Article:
Procedure Room Immediately Accessible
Cardiac monitor Defibrillator
Pulse oximeter Emergency cart
Oxygen source Emergency drug box
Oral pharyngeal airway abuse. The time and nature of last oral intake is important and avoidance of fluids or solid foods for a sufficient period to allow for complete gastric emptying before the procedure (as recommended by the American Society of Anesthesiologists [ASA] "Guidelines for Preoperative Fasting") is essential and has potential medico-legal implications. In urgent, emergent situations, or situations in which gastric emptying is impaired, there is a potential for pulmonary aspiration. Consideration should be given to endotracheal intubation for airway protection in these patients.
Before initiating sedation for endoscopy, patients should have a focused physical examination, including vital signs, auscultation of the heart and lungs, and evaluation of the airway. The need for preprocedure laboratory testing will depend on the patient's underlying medical condition and the likelihood that the results will affect the management of sedation. Informed consent for the sedation and for the procedure should be obtained and witnessed.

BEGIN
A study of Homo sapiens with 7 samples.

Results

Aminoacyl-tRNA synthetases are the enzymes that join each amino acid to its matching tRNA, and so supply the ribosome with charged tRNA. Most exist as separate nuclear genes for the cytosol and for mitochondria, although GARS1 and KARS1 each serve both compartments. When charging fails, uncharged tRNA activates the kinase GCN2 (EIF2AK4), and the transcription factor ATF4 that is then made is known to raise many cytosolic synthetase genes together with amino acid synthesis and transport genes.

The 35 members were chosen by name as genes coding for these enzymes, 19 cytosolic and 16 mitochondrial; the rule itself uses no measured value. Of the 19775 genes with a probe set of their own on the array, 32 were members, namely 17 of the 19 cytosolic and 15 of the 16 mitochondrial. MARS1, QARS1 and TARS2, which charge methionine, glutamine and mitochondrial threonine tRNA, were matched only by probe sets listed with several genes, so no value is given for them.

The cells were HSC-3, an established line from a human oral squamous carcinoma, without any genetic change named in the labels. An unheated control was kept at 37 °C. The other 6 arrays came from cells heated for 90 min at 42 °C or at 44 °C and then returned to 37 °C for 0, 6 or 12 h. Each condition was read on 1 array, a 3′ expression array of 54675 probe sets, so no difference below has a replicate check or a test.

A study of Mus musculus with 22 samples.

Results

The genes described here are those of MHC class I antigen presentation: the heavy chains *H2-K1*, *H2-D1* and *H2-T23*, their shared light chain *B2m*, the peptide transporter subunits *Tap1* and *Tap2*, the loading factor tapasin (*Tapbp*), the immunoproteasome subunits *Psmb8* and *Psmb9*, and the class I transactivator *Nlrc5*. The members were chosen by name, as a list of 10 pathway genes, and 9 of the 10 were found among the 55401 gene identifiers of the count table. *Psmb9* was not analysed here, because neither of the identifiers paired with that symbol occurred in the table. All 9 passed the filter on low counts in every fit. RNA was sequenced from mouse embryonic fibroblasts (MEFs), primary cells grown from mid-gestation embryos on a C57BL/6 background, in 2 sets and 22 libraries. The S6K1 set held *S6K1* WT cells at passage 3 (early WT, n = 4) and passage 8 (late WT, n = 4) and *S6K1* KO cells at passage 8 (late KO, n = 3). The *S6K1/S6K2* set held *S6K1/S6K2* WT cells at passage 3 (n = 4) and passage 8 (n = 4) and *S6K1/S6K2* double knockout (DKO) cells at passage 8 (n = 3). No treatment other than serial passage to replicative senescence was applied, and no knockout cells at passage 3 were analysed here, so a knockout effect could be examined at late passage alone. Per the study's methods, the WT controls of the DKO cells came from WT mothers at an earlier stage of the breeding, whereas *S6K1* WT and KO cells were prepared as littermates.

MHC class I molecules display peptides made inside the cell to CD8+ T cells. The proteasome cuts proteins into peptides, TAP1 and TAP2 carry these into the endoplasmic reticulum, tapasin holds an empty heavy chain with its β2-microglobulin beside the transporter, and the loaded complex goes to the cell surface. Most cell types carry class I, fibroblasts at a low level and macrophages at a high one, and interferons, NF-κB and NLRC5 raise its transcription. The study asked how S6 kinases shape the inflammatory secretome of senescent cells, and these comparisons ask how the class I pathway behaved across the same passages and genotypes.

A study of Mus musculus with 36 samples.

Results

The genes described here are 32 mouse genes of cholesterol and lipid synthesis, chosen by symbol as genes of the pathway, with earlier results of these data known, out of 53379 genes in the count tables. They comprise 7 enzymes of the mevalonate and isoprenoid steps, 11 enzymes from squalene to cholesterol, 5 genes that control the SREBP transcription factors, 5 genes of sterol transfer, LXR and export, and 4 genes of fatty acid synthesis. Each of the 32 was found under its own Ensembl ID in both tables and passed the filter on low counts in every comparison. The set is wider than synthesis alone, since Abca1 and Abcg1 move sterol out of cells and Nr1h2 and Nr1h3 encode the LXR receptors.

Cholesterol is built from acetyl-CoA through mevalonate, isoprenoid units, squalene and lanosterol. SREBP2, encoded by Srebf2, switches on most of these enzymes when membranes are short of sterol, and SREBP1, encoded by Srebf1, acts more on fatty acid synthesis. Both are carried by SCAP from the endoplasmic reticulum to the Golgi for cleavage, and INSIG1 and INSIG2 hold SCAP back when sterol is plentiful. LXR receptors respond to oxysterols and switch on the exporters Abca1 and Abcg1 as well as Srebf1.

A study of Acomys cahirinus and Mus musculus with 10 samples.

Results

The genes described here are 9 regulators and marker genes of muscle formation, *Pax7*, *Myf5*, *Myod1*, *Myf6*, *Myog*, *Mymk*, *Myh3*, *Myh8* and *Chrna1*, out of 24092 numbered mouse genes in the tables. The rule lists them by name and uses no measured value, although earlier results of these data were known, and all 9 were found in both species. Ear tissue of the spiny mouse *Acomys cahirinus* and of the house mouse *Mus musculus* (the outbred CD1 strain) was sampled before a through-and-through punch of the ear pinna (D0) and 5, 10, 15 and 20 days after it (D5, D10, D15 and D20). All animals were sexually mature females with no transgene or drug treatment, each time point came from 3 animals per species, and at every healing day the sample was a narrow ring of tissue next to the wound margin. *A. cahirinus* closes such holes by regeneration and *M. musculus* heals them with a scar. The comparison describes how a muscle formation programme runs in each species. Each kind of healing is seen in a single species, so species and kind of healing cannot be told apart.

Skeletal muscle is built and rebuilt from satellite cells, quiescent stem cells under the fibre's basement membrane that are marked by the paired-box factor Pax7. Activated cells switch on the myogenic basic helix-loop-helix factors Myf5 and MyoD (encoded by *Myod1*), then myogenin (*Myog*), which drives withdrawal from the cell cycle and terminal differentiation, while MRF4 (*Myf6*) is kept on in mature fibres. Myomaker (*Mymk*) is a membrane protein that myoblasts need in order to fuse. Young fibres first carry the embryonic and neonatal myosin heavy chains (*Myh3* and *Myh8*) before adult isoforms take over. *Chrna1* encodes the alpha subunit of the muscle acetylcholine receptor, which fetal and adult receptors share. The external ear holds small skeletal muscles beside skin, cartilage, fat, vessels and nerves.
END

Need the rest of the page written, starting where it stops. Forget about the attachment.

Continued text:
Patients who are at increased risk for developing complications related to sedation should be identified. Special precautions are needed in patients with significant underlying medical conditions (eg, extremes of age; severe cardiac, pulmonary, hepatic, or renal disease; pregnancy; drug or alcohol abuse). In patients with significant sedation-related risks factors (eg, uncooperative patients, morbid obesity, potentially difficult airway, sleep apnea), a consultation with an anesthesiologist should be obtained. A useful medical risk classification system used universally by endoscopists is the ASA Physical Status Classification (Table 3-3).
Vascular access is required for all endoscopic procedures requiring sedation. It should be maintained throughout the procedure and until the patient is no longer at risk for cardiorespiratory depression.